On this week's podcast episode, I interview senior software engineer and prolific content creator Ohans Emmanuel. We talk about how he got into tech, how he ended up in Berlin, what goes into writing a book, and how he stays focused through it all.

When Ohans was young, he learned a very important lesson from his parents: you must take responsibility for yourself and your actions. He was lucky enough to grow up with a computer in the house, and gradually learned computer basics.

In school, he studied engineering, but didn't learn much programming. So he had to teach himself. And it was hard. He lacked a community, had to struggle through things on his own, and felt like it was much harder than it needed to be.

"I don't understand what it was - I was a smart student, but when I started to teach myself to learn how to code, that was the most difficult thing I had to teach myself to do. I was really on my own, I didn't join any groups. It was really just me trying to figure out the road map for myself. And that was really difficult."

But having a supportive mentor helped. And eventually he started freelancing and teaching young adults how to code. He also began to fall in love with design and writing. As his passion for design grew, he began to appreciate its usefulness as well:

"There is something about a front-end engineer who understands design. You see things differently. You can have meaningful conversations with the designers, and you have different opinions. You're not just building stuff - you understand how it affects the users."

As Ohans learned more skills and came across more and more tough topics, he decided to research and then write about them. Again and again. He has written a number of free, full-length books about React, Redux, CSS, and many other topics. And his approach to the process is unsurprisingly organized and measured.

"The first step is deciding what to write about. So I find a subject that is challenging or that I think maybe the community hasn't really explored. Or if I think that a lot of beginners are finding this subject difficult, it just makes me want to write about it more."
"I'm really passionate about teaching things in plain, simple language. So you take a difficult subject and you break it down. It's so much fun. And when you do this over and over, it helps a lot of people. And it puts smiles on my face."

Now isn't that enthusiasm contagious?

In addition to writing books and articles and helping kids learn to code, Ohans has a full-time software engineering job in Berlin. Deciding to make the move away from friends and family wasn't easy, but with their support he went for it.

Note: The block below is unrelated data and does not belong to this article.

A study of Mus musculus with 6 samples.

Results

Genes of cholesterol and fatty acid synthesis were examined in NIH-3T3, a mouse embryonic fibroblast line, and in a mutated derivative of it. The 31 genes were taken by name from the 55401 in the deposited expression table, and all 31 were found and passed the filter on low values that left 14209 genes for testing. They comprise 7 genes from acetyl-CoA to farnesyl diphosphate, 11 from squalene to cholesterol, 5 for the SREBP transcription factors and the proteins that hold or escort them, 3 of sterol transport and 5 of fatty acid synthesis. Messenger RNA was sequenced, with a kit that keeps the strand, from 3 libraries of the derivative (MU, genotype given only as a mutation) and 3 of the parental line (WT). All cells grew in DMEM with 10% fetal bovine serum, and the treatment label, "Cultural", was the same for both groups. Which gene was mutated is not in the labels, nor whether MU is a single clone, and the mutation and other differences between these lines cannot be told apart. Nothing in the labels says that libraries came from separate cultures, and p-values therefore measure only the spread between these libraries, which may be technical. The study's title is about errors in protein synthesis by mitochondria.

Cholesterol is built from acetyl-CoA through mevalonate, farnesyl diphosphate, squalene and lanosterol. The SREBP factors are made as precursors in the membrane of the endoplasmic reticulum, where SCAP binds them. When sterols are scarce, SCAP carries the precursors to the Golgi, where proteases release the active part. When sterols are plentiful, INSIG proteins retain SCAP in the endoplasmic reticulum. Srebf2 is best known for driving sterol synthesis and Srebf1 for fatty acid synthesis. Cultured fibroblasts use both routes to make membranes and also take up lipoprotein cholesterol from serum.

During the interview process, he learned a lot about job interviews in general and what it took to go through them successfully. He believes being good at your job as an engineer and being good at interviews are two very different things.

Despite this, Ohans believes that anyone can conquer the interview process. And his go-to advice?

"Just smile. It keeps you calm and makes the interviewer calm as well. They want to give you time and let you think. You're smart, you can do it - you just have to stay calm and figure it out."

Part of Ohans' success is derived from his commitment to deep work and deep focus. He firmly believes that anyone can learn anything if they put their mind to it and have a plan.

"I believe that the act of focus itself is a skill - just as much as you can learn to play the piano, you can learn to focus as well. And I think people really need to take their attention as seriously as possible. If you covet your attention, and take it like it's important, I think you'll be careful how you spend your time."

In this interview, we discuss how he overcame the obstacles he faced when learning to code alone, how he got a job in another country, how he creates so much valuable, free content, and how he advises new developers to approach interviews, mentors, and many other tough subjects.

"If you try something for a day and it doesn't work, go on and try it for a week. If it still doesn't work, try for two weeks. If it still doesn't work, re-evaluate what you're doing. If you still think you're heading in the right direction, try for another month. Or two months. And if you're still sure you're going in the right direction, don't give up - you're gonna get it.

This interview is a one hour listen in your favorite podcast player app - just search for "freecodecamp" and you should find it.

If you have an Amazon Echo, you can just say "Alexa - play the freeCodeCamp podcast."

Or you can listen to it right here in your browser.